Bonded ferrite magnets are manufactured using injection moulding techniques which are fully automated and particularly suitable for high volume production. Isotropic and anisotropic properties can be obtained in parts with a wide variety of shapes and sizes. One of the greatest advantages of the injection moulding process is that a high degree of shape complexity is possible, eg. gears, snap fits and undercuts. It is also possible to incorporate shafts, bushes and other inserts into the process thereby greatly simplifying magnetic assemblies.

Bonded  ferrite materials are composite materials consisting of  ferrite powders (BaO.6Fe2O3 or SrO.6Fe203) dispersed in an engineering thermoplastic matrix. Polyamides are the most commonly used as the matrix materials in bonded  ferrite compounds, but for applications operating above 120ˇăC, polyphenylene sulphide (PPS) can be used (up to 200ˇăC).

Tailoring of the desired magnetic performance can be achieved by varying the proportion of ferrite powder to polymer matrix. Very high volume fractions of magnet powder are possible.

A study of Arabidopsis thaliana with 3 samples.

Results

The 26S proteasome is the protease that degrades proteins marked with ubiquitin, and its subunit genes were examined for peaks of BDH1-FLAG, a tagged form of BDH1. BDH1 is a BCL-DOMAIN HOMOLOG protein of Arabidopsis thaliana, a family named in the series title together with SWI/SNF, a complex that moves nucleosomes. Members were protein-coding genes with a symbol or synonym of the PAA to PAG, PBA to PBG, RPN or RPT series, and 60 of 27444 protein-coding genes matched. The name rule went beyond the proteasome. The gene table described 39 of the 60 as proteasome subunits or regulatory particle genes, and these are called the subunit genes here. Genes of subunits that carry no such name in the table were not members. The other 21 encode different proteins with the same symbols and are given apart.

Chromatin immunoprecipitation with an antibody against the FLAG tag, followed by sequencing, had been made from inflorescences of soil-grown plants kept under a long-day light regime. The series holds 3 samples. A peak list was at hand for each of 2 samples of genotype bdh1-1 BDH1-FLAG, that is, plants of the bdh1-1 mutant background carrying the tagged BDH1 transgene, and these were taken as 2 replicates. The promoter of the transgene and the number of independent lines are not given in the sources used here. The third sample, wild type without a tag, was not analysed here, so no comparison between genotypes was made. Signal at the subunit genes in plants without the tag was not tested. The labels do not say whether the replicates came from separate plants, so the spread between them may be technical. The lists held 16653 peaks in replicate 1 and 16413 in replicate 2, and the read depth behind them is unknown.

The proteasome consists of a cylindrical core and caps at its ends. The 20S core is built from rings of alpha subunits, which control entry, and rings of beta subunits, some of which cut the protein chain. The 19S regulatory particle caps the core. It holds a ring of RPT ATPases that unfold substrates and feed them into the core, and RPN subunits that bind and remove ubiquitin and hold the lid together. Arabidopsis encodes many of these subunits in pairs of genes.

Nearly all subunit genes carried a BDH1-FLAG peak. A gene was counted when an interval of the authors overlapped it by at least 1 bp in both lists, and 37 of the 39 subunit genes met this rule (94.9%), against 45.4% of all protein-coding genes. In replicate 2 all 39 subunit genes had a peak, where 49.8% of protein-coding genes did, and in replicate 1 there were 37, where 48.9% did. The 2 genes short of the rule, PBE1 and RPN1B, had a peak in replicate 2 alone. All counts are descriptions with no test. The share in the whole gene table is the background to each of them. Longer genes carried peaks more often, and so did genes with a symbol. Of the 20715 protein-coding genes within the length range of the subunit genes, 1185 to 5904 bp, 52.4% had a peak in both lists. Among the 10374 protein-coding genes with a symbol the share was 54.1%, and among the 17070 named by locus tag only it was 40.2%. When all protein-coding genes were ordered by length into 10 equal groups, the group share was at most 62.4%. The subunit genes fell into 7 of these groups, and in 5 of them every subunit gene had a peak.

The magnetic temperature stability is controlled by the ferrite powder, with coefficients of Br = -0.19 %/ˇăC and HcJ = + 0.3 %/ˇăC. With very low temperatures there is a risk of permanent de-magnetisation in magnet systems with low working points. Corrosion resistance of both the ferrite and matrix material is good.

Processing begins with the controlled mixing and dispersal of the  ferrite powder into molten thermoplastic matrix material. This mixing is conducted on highly specialised state of the art compounding equipment because of the high volume fraction of filler being used. The resultant pelletised compound is the feedstock for the injection moulding process.

Injection moulding is carried out on specially adapted machines. The process commonly operates fully automatically with components being collected and separated directly from the moulding machine. Anisotropic properties can be achieved in axial, radial, diametrical or multipolar orientations during moulding with the presence of the appropriate magnetic fields in the mould tool.

Very precise dimensional control is achieved in this process and the component should not require further machining.

Components may be magnetized before final inspection, packing and despatch.